To Comfort The Afflicted
And Afflict The Comfortable

To Comfort The Afflicted And Afflict The Comfortable

Saturday, July 31, 2021

Observercast

Why Are We So Nosy?


Think about this: What other country do you know that sticks its nose in every other country’s business? Does Germany, Japan, Australia, Canada, New Zealand, France, Spain, England, and Ireland? The list that includes most democratic free countries can go on and on.

Other than their membership in NATO or some other world group, most democratic countries on the planet pretty well mind their own business. They may not agree with or approve of the actions of others, but they don’t go poking their noses in where they aren’t wanted.

But not us. Noooo, we’ve got to tell everyone how to live, govern, what to think and even get involved in their cultures and lifestyle. Well, we’ve seen how that has worked out in the past decade haven’t we?

Who says we have to be the world’s police force? Who says we have to be the bank for every two-bit Third World rat hole? Who says we have to tell others with culture differences we don’t understand what they should do?

Would we want to be told how to live and be governed?

This obsession with sticking our nose in everyone’s business is what has cost us thousands of lives and billions of dollars. This obsession with trying to turn places like the Middle East into little democracies [which ain’t gonna happen no matter how much money and weaponry we pour into the region] has done nothing but made enemies.

Why can’t we just mind our own business? Why can’t we accept the fact that everyone isn’t like us … and never will be, and most likely doesn’t want to be? The Middle East is a collection of tribal peoples who don’t subscribe to the idea of democracy. It has been so for thousands of years and will continue to be so for thousands of years to come.

It’s not our business to change other people’s culture that is part of their life based on their religious beliefs.

As a generous people, we should always be willing to offer aid to anyone during disasters, epidemics and other such calamities. We should always be willing to assist in raising their standard of living, improving their environment and saving their children.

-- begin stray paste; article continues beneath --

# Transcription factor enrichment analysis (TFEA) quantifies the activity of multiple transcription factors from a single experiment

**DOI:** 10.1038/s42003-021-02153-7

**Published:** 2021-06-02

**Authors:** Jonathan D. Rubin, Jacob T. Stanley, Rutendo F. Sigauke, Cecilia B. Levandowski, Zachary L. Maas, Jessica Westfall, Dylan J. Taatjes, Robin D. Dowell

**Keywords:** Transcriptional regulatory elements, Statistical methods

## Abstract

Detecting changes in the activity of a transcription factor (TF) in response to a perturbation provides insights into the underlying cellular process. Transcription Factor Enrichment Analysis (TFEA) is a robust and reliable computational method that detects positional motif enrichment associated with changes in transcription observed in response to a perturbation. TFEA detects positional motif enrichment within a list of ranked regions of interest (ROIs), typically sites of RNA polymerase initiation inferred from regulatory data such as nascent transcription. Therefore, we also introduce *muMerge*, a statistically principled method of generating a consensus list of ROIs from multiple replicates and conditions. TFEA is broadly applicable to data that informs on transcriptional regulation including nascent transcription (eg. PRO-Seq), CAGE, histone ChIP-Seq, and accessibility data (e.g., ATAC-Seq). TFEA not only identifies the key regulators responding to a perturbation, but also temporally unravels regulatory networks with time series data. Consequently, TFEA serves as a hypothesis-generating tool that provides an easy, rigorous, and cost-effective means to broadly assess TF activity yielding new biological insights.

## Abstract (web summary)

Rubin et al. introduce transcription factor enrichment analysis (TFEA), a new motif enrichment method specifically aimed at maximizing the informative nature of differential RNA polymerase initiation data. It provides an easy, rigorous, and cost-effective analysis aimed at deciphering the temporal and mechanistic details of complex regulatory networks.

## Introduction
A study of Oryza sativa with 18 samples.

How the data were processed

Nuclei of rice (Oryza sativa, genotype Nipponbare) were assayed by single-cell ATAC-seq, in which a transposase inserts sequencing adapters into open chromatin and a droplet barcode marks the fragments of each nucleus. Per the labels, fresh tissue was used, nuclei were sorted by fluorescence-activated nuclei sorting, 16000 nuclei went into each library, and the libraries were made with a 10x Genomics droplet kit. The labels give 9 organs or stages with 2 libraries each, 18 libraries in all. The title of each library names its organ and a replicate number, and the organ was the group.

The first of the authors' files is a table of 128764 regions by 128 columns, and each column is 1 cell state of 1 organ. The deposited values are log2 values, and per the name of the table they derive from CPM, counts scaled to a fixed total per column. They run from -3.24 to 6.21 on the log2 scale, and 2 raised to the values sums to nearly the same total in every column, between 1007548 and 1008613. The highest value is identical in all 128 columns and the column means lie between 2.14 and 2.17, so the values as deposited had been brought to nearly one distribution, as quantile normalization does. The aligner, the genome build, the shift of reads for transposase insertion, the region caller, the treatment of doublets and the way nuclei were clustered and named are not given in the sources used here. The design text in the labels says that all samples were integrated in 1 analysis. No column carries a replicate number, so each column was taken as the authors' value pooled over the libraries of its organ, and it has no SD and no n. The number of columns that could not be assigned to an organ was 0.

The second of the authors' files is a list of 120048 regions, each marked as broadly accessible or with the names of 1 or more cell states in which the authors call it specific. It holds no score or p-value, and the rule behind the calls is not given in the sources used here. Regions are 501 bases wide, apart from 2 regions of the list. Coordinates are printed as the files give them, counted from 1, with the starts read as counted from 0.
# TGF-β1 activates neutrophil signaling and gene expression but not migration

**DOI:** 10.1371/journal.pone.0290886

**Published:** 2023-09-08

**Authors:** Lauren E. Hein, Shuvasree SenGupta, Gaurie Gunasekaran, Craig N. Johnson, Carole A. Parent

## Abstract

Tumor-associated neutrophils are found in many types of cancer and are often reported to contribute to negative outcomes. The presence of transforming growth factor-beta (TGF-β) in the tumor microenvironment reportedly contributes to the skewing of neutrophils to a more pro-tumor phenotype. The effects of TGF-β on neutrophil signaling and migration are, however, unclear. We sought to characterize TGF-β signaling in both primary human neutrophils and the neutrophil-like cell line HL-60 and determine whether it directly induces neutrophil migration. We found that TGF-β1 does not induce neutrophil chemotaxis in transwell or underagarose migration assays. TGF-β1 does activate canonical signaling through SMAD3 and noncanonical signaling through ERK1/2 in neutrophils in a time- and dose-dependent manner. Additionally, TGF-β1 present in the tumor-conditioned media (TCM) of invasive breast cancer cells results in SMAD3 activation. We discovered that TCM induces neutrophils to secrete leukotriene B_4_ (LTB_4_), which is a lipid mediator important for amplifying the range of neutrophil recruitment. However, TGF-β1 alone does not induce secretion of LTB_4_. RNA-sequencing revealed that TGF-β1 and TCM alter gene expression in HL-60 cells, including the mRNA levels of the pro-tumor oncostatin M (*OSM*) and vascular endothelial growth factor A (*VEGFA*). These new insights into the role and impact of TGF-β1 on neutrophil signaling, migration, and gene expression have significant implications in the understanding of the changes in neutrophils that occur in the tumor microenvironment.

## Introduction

But only if asked to do so.

We have no right to go charging in telling other people they’re wrong and shouldn’t be doing things the way they’ve been doing them for centuries.

This is why we’re hated by more people in the world than ever before.

We don’t have to like their way of life and it may not be one we would choose for ourselves. We chose more than 200 years ago not to be ruled by a king. But that doesn’t mean Britain and others that have such rulers are wrong and should be forced to change their culture just because we say so.

We’ve barely removed most of our forces from Iraq and already the two religious sects are beginning to kill each other. Did we really expect it not to happen? So what did we accomplish other than losing a lot of good young Americans and spending billions of taxpayer money? It’s Vietnam déjà vu … another place where we didn’t learn a darned thing.

So here’s the deal you know-it-alls in Washington: Why don’t you back off from making us the Big Bad Imperialists [the image most have of us] and quit sticking your collective noses in everyone’s business? Why don’t you cut out the foreign aid – especially to the likes of Afghanistan and Pakistan – and let these people live the way they have for centuries? Why don’t you realize Americans are tired – really TIRED! – of being the world’s police force?

Don’t give us the usual clap trap about the importance of doing all this under the guise of “maintaining diplomatic relations” and assuring citizens “rights” when in fact it’s nothing more than another attempt to make you look like a bunch of big shots.

The truth is you’ve done a pretty lousy job of taking care of business at home.

Norm Rourke lives in Beggs, OK and is a regular contributor to The Oklahoma Observer

 

Arnold Hamilton became editor of The Observer in September 2006. Previously, he served nearly two decades as the Dallas Morning News’ Oklahoma Bureau chief. He also covered government and politics for the San Jose Mercury News, the Dallas Times Herald, the Tulsa Tribune and the Oklahoma Journal.